Artists - Connie Francis

Artist Biography

Connie Francis is one of the most notable and frequent performers to have graced the stage on The Ed Sullivan Show. She made 26 total appearances between her debut on May 11th, 1958 where she sang her hit song “I’m Sorry I Made You Cry”  to her last appearance on June 7th, 1970. She was invited by Ed to travel with the show on two separate occasions, once to West Berlin and again to Guantanamo Bay Naval Base to perform for the American troops in 1962. Needless to say, she was a crowd favorite. 

Born Concetta Franconero on December 12th, 1937 in Newark, New Jersey, Connie was encouraged to sing and play accordion at an early age by her father George. These early days prepared her for appearances on Arthur Godfrey’s Talent Scouts, where she won first place at just 12 years old. She would appear on the show for four more years, adopting her new stage name “Francis” after Godfrey suggested the change as he found her last name quite difficult to pronounce. 

In 1955, after several failed attempts with other labels, Connie finally signed with MGM Records with whom she would record for two years but to no avail. It wasn’t until her father convinced her to record the 1923 single “Who’s Sorry Now?” which not only put the song on the mainstream radar, it catapulted Connie’s career when she was asked to perform it on Dick Clark’s American Bandstand. He introduced her as “a new girl singer that is heading straight for the number one spot” and she certainly did. The song was the first in a series of #1’s Connie would become known for, including “Everybody’s Somebody’s Fool”, “Don’t Break the Heart That Loves You”, “Stupid Cupid”, and “My Heart Has a Mind of Its Own.”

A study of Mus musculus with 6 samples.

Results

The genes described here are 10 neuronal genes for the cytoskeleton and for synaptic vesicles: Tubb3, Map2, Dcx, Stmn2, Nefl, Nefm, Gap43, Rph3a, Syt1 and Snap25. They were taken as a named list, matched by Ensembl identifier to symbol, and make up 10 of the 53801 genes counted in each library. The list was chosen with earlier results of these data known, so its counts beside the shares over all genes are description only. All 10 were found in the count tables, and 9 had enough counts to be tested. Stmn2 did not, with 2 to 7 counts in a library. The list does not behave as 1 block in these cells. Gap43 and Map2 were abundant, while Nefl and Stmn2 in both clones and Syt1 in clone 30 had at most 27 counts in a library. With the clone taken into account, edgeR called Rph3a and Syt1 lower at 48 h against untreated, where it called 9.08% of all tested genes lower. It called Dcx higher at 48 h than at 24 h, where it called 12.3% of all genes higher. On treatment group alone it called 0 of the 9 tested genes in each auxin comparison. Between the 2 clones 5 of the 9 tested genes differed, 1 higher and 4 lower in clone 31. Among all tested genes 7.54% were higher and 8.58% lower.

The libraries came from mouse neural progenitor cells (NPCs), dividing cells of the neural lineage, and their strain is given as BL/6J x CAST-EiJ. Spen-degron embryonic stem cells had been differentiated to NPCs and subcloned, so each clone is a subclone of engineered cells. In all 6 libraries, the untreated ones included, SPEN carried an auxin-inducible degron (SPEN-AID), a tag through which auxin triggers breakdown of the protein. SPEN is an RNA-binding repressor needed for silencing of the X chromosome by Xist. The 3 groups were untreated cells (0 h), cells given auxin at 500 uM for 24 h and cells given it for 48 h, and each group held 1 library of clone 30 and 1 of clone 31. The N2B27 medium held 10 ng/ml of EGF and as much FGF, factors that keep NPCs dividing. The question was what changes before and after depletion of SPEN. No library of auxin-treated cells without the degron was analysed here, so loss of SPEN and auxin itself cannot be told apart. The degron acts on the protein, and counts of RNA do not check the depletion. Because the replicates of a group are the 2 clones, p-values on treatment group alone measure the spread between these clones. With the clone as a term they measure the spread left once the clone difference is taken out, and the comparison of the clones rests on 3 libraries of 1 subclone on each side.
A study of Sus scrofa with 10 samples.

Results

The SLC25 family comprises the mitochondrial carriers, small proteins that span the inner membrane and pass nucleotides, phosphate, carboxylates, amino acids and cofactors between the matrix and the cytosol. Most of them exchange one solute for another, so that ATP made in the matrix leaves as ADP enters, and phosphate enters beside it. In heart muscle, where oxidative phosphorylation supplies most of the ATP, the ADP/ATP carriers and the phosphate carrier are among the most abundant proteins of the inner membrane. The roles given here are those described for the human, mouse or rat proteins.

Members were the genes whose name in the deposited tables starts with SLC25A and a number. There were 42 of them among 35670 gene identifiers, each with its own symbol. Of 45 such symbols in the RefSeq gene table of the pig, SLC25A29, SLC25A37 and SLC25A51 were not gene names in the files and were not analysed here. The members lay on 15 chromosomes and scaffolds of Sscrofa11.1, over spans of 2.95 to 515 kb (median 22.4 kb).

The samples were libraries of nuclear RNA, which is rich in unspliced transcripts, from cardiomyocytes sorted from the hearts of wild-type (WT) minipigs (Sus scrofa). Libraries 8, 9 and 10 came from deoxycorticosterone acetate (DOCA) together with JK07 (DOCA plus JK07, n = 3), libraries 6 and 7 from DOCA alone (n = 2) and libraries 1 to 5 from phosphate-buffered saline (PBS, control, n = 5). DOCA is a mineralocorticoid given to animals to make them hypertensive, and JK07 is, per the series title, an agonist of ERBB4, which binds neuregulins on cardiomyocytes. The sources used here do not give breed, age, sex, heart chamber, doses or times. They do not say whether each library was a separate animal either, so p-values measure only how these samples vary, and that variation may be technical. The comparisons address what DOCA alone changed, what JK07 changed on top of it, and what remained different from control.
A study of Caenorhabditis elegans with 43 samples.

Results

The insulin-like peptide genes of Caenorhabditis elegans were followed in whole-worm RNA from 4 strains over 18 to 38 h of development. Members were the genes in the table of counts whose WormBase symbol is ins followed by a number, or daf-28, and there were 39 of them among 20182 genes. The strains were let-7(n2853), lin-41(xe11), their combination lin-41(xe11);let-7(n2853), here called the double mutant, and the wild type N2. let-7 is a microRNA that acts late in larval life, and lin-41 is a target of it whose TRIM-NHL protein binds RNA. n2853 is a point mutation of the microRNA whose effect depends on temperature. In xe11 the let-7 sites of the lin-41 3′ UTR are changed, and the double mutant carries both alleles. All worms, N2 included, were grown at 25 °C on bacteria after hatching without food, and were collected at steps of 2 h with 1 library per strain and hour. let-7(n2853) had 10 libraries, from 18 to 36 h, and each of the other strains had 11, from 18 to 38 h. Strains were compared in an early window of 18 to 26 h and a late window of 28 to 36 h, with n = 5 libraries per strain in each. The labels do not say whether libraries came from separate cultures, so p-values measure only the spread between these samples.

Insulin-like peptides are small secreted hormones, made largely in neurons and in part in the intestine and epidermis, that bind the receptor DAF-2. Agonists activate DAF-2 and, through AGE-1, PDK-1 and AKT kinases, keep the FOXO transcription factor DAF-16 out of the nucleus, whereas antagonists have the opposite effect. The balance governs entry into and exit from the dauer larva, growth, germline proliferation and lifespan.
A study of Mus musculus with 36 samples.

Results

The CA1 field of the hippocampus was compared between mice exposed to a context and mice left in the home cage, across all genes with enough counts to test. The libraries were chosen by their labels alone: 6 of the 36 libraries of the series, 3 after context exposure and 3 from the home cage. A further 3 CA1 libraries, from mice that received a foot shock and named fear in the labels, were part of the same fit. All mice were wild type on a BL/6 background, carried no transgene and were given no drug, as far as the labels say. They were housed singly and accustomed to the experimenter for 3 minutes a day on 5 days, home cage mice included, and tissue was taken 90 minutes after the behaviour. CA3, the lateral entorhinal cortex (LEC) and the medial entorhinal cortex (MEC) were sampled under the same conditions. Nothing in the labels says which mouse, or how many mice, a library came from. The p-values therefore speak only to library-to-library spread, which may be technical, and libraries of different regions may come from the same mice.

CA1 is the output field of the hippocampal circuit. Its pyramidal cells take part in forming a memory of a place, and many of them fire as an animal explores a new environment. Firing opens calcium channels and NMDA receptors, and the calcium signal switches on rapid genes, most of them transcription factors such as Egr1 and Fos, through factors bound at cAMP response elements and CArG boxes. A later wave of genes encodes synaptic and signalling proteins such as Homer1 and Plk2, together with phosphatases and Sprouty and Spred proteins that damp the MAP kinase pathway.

Connie was not only popular with American audiences, she had a dedicated following in Europe and Japan. This was a result of her affinity for singing in different languages, most notably Italian, Spanish (both of which she speaks fluently), Hebrew, and German. She recorded many of her hits in other languages and is credited as one of the first pop singers to do so. These special talents contributed to her rise from child starlet status to a mature and serious performer with a global following.

Not only was Connie known for her singing, she was also an established actress. She was especially popular with teenage audiences, appearing in four motion pictures between 1960 and 1965; Where the Boys Are (1960) for which she also sang the title song, Follow the Boys (1963), Looking for Love (1964), and When the Boys Meet the Girls (1965). After her popularity started to dwindle, she took a short hiatus and then returned to the spotlight in 1974 to perform in the Westbury Music Fair in New York. Unfortunately, this performance led to the most horrific moment of Connie’s life. She was a victim of a violent sexual assault when a deranged stranger broke into her hotel room and held her at knifepoint. The event caused quite a stir in the media, and she prevailed in a lawsuit against the hotel for inadequate security. The traumatic event resulted in her taking time away from the spotlight to recover and receive professional help. She became an activist/advocate for victims of similar crimes as well as mental health awareness.

Connie would continue to perform into the 21st century, also releasing two autobiographies one in 1984 and another in 2017 (Who’s Sorry Now? and Among My Souvenirs: The Real Story Vol. 1).  Few artists have achieved this level of worldwide success and recognition in so many areas.

Today, Connie is retired and spending her time in Florida. She still has a devoted fanbase and continues to be a prominent figure in Hollywood history as well as pop culture. Throughout her life, Connie rose above all the obstacles that crossed her path with grace and dignity.  As she famously put it, “Life isn’t about waiting for the storm to pass, it’s about learning to dance in the rain.”

Check out our Connie Francis playlist to see full performances from the Ed Sullivan Show!